The Conversation of the Drive

I don’t know about you but with our children getting older, we seem to have more and more activities after school and on weekends.  It’s a high wire balancing act, wanting your children to be well-rounded young people and still having enough quality family time.  And even though we try to limit our kids to only two activities each, and their religious education, withvarious random school activities or birthday parties, the free time fills up quickly.

We make a strong effort to still eat dinner meals together and we succeed on all but one night when the three activities – dance, and two soccer practices – coincide over the dinner hour.  On those nights, the children eat before activities and my husband and I tag-team until the kids’ bedtime, which makes Wednesday the official, “popcorn night.”  We are both hungry, but it’s too late for a full meal so a few bags of popcorn and a sitcom later, and you have “popcorn night.”

minivan

Busy family schedules make family time – any family time – all the more important.  That’s what makes the conversation of the drive so imperative.  Now sometimes we do turn up the music as I shuttle them from activity to activity and sing along to some vacation bible school songs.  But more often than not, the music is off but the car is far from quiet.  This is the time when we have some of our best discussions.  The kids share the highlights of their day.  We talk about how they helped a friend or felt sad when they weren’t included.  We talk about how their teachers are doing and how their schoolwork was.  And sometimes those tough questions come up.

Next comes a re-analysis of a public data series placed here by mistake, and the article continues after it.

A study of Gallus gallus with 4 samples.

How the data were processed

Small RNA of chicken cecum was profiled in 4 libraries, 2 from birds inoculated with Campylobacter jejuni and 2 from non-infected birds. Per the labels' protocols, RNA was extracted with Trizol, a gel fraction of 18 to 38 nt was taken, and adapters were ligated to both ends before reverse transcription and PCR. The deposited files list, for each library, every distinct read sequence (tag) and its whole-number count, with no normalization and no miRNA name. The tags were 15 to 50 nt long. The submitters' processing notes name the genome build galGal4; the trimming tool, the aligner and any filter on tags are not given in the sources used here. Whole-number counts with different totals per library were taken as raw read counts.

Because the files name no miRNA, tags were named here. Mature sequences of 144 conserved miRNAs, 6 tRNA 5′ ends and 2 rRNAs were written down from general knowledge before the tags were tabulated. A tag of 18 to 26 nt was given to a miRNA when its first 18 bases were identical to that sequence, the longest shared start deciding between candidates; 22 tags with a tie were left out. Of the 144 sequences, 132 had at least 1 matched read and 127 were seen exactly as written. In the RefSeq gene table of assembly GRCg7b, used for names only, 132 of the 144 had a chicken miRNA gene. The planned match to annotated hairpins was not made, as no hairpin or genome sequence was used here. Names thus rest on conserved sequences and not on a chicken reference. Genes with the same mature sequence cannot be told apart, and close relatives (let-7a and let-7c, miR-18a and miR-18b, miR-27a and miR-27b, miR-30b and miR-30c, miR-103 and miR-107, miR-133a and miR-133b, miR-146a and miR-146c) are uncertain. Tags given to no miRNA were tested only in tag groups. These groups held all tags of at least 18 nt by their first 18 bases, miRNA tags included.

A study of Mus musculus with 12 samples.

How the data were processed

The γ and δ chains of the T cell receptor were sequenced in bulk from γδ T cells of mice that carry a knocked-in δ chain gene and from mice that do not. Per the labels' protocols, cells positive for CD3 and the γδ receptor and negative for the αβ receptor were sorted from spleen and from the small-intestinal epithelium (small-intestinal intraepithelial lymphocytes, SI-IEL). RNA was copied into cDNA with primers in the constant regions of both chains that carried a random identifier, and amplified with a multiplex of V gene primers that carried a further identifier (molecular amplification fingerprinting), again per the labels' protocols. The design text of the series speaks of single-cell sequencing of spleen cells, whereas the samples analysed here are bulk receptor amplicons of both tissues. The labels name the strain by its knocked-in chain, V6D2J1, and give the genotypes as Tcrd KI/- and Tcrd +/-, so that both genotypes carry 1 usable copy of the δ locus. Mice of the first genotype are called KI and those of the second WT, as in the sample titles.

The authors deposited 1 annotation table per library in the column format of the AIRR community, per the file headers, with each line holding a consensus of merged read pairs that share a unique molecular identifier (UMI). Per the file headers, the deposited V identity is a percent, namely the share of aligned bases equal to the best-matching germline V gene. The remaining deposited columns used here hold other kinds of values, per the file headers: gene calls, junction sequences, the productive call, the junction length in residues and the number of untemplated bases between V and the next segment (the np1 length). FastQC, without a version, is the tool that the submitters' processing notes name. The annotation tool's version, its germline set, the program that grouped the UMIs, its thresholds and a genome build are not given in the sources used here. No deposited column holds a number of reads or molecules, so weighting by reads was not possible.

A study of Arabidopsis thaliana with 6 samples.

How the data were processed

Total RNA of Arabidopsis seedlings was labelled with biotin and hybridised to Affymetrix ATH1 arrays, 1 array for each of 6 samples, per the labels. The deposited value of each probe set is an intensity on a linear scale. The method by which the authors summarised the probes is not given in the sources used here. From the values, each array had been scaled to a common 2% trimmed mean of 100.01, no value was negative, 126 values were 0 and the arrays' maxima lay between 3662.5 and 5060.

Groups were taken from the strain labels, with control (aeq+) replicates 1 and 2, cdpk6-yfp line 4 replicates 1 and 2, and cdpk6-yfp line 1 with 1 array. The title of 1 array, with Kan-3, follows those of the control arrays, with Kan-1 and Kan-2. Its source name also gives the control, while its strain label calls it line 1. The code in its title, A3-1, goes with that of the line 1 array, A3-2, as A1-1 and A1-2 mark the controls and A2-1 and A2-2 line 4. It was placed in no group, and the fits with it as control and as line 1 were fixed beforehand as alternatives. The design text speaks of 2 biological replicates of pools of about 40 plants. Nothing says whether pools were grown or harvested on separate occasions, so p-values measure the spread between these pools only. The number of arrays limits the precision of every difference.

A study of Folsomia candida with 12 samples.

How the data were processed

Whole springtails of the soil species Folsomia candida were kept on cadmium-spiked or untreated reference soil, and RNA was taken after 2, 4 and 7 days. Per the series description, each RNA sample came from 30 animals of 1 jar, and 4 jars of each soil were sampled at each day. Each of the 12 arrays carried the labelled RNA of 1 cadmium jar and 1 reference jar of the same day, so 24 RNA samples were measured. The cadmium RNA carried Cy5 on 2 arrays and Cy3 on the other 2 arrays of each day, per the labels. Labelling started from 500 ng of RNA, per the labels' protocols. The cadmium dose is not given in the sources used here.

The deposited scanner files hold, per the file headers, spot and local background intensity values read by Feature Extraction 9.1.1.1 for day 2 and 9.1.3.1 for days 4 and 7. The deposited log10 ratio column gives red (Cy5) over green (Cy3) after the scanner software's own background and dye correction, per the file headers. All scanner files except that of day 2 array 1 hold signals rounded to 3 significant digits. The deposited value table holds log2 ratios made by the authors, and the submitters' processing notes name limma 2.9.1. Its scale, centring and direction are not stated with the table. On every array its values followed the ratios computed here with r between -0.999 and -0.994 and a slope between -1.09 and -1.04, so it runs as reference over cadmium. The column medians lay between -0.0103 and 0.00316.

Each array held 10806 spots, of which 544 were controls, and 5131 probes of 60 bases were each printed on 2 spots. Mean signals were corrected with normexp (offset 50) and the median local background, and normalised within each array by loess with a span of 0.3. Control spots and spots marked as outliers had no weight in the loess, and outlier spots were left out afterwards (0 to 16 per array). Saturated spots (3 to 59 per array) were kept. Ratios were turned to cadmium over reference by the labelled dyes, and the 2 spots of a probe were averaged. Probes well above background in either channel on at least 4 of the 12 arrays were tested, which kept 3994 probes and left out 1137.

“Why didn’t Allie want to play with me today?” Or “Why did Mitchell keep bossing me around?”   I know that I along am not wise enough to answer these questions – these life-forming questions.  So I breathe a quick prayer to the Holy Spirit for guidance and do my best to answer their questions.  We talk about God’s will for our lives, how he wants us to love even when others are not loving toward us.  We need to ever let the light of Christ shine through us.  We talk about what Christ did in the world, even when the world rejected him.  And we discuss how our ultimate goal in this life is to share the next life with our Lord in Heaven.

So between the stoplights, I pray that I am bringing my children just a little closer to that Heaven.